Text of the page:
Opiate withdrawal



Methadone is never to be prescribed for or supplied to patients in the ED


Background

  • All patients should promptly receive appropriate analgesia to relieve their pain
  • Opiates should be used, if necessary, to relieve symptoms of physically painful conditions (e.g. limb fractures) irrespective of whether the patient has a history of dependence or not

Please remember that

  • For most heroin addicts general support, understanding of the symptomatology and encouragement is sufficient to alleviate acute withdrawal symptoms
  • Symptomatic relief of withdrawal symptoms can be achieved without substitute opiate medication
  • The severity of withdrawal symptoms is not directly related to the quantity of drugs previously consumed
  • When assessing symptoms please identify observable signs rather than subjective symptoms
  • Detoxification may be used in the in-patient wards but methadone must never be given in the Emergency department or CDU.
  • Untreated heroin withdrawal typically reaches its peak 36-72 hours after the last dose and rapidly subside
  • Withdrawal from opiates is associated with a specific withdrawal syndrome

Symptoms and signs of opiate withdrawal

  • Sweating
  • Lacrimation and rhinorrhoea*
  • Yawning*
  • Feeling hot and cold*
  • Anorexia & abdominal cramps*
  • Nausea, vomiting and diarrhoea*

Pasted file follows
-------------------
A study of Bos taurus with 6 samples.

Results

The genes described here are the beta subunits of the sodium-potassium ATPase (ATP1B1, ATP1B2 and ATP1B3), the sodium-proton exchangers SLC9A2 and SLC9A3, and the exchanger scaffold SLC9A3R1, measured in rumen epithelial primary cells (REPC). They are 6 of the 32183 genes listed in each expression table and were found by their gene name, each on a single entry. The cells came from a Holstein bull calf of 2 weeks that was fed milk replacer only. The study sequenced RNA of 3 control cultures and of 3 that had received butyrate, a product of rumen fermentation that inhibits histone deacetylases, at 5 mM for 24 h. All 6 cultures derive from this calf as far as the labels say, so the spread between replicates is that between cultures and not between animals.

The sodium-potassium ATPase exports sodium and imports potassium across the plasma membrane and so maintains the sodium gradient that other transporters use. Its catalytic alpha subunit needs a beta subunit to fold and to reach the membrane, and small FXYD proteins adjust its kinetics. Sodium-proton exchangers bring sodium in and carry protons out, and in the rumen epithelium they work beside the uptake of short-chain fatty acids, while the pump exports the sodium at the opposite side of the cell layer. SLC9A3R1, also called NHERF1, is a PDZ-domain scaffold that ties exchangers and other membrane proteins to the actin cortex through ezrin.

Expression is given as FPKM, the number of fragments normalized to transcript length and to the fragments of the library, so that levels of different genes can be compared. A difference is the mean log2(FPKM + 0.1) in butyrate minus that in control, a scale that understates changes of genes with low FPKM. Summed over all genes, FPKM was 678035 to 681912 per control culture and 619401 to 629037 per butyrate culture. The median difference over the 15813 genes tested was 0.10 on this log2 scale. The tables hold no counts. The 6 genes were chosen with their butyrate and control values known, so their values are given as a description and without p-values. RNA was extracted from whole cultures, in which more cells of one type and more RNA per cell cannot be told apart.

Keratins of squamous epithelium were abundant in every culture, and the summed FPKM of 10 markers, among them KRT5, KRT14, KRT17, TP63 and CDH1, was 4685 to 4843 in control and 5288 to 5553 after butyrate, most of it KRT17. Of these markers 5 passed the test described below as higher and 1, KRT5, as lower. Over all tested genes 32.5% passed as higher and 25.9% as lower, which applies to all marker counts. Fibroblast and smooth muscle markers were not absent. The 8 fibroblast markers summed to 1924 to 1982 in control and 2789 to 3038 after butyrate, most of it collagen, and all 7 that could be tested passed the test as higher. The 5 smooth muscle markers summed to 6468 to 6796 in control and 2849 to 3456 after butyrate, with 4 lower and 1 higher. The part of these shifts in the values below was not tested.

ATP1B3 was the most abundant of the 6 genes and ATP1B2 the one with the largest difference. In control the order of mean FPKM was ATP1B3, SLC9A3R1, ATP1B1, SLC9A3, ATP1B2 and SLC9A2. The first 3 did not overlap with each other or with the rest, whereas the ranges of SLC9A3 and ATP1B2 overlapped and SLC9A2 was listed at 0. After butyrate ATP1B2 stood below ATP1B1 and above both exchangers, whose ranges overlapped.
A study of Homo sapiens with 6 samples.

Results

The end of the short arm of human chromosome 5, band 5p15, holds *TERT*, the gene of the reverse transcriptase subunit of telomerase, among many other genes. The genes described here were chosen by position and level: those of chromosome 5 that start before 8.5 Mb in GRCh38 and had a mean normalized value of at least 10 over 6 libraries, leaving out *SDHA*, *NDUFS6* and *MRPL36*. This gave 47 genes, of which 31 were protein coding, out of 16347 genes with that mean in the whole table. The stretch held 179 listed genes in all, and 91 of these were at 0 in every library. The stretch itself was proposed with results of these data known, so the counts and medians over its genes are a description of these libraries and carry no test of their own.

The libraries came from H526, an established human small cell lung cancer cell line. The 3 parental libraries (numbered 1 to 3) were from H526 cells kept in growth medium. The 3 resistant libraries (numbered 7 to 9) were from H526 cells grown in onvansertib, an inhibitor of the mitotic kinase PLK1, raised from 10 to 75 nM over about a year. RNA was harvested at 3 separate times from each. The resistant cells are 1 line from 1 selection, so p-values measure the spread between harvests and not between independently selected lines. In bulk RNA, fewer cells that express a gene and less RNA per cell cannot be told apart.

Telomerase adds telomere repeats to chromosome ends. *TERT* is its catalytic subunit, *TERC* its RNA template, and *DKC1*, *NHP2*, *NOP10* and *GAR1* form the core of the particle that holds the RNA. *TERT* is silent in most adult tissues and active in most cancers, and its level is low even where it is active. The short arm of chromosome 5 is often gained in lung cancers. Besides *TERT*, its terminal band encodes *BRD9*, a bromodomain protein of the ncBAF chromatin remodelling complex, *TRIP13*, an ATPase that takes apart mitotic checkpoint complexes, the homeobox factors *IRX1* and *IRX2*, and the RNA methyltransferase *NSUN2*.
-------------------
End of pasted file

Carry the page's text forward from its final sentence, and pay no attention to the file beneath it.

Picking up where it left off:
• Tremor
  • Restlessness*
  • Generalised aches and pains*
  • Tachycardia, hypertension*
  • Gooseflesh
  • Dilated pupils
  • Increased bowel sounds

Only those asterixed in the above list comprise the Opiate Withdrawal Scale (OWS)


Methadone is never to be prescribed for or supplied to patients in the ED


Management

There are now satisfactory non-opiate treatments (such as Lofexidine) for opiate withdrawal. AT CUH, please contact Dr Cassidy's liaison psychiatry team for advice. Drugs that should be considered include.

  • Lofexidine
    • Similar in action to Clonidine, but causes less hypotension
    • It is equally as efficacious as methadone in withdrawal
  • Loperamide hydrochloride (Imodium) or Co-Phenotrope (Lomotil).
    • Use in standard doses for the treatment of diarrhoea
  • Metoclopramide hydrochloride
    • Use to treat nausea and vomiting, may also be useful for treatment of stomach cramps
  • Non-steroidal anti-inflammatory drugs (NSAIDS) – use to alleviate muscular pains and headaches

Methadone is never to be prescribed for or supplied to patients in the ED



Contents (based on UK DoH Drug Misuse& Dependence Publication 1999) by Dr Íomhar O' Sullivan 14/10/2006. Reviewed by Dr ÍOS 13/05/2007. Next review 13/05/2008.